So how did Target’s “Kaleidoscopic Fashion Spectacular” in New York City go? Beautifully! If you discount the protesters down on the ground.
The embattled retailer’s amped-up unveiling of its fall line was actually quite dazzling, as you can see in this photo from self-professed tastemaker Castor Sparks. (Mr. Sparks also says “With Target all over the negative-Nancy news these days (they apologized; move on), it was refreshing to see something fun and whimsical related to the brand. … Target, if at any time you proved you like the gays, tonight was the night.” Ok!) The Standard Hotel, in the Meatpacking District, was all aglow with lights and sounds you could probably see from Jersey.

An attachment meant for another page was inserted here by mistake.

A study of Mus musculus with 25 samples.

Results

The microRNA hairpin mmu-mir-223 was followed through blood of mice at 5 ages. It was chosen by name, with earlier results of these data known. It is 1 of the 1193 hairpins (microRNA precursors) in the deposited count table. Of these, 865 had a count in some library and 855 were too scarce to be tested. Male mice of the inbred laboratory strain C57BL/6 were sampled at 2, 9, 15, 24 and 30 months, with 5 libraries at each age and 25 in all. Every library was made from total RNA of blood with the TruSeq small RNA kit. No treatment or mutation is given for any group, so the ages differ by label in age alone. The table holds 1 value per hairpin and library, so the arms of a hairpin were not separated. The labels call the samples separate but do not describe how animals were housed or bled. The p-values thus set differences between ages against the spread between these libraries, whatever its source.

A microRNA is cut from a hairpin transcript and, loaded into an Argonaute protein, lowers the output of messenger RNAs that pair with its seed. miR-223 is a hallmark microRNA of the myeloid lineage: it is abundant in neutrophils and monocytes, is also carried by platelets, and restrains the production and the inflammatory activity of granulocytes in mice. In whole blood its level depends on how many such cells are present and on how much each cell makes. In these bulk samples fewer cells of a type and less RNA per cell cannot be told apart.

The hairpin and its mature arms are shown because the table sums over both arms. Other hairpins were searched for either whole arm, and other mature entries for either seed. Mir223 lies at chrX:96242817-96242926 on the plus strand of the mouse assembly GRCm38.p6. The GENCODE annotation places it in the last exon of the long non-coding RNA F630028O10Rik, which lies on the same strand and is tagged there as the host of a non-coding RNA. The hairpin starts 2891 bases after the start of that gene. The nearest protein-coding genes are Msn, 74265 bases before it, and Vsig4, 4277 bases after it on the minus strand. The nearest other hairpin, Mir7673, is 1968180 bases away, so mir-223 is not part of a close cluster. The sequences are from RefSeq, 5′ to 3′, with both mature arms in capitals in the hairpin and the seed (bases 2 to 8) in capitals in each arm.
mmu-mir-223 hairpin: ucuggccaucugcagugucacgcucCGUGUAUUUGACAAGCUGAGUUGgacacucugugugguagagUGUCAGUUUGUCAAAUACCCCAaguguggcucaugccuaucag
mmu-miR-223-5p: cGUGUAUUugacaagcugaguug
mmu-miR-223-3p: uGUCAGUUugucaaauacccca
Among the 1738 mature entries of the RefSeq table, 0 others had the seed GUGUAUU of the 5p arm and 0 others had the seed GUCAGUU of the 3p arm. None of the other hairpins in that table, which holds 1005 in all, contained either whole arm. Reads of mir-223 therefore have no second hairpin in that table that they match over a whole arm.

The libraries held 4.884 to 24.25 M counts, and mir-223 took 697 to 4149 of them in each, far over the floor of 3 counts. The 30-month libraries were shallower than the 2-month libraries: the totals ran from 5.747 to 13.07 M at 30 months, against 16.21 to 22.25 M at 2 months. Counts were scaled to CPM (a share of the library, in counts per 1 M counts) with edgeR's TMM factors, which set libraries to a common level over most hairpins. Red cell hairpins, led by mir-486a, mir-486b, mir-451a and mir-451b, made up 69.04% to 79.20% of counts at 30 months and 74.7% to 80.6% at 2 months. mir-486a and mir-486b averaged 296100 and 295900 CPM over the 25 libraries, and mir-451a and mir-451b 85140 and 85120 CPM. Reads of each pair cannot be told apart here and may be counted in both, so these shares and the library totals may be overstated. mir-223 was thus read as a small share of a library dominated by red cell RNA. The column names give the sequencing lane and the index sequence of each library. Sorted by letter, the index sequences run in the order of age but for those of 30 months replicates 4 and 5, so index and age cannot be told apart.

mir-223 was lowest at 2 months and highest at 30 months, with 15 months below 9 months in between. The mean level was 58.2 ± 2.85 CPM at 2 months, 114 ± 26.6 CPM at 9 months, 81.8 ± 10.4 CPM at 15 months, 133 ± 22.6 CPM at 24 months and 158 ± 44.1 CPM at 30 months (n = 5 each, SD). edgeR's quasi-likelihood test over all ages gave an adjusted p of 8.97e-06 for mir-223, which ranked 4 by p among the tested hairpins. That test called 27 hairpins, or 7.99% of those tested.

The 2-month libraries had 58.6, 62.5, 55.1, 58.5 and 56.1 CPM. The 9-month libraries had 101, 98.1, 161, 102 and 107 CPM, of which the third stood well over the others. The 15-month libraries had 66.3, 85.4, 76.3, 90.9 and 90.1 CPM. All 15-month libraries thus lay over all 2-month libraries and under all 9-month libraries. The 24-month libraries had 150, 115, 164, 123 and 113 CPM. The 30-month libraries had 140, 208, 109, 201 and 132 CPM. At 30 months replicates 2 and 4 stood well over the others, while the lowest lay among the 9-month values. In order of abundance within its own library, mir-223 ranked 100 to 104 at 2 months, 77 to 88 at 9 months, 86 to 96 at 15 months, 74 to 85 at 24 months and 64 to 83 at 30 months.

And then there were the angry gays down below who were “waving homemade signs using the Target logo to spell ‘Bigot’ and ‘H8’ [and] shouted ‘shame, shame, shame’ at guests as they streamed out of the Target Kaleidoscopic Fashion Spectacular on Washington Street.” (Yes, gay scenesters like Sparks were among the crowd.)
Except it’s not just a couple of street ‘mos who’ve got a problem with Target’s financial contributions. Even big-stake shareholders — concerned about the company’s reputation — are harshing on Target, insisting the company reexamine its political donation process. LAT: “The three management firms sponsoring the resolution — Calvert Asset Management, Trillium Asset Management and Walden — together hold $57.5 million of Target stock. Other institutional investors, including the giant New York state pension fund and union investment managers, are considering co-signing the resolution, which calls on Target’s independent directors to review the criteria and risks in making donations to organizations active in political campaigns.”
It’s almost enough to make you want to shop at Walmart.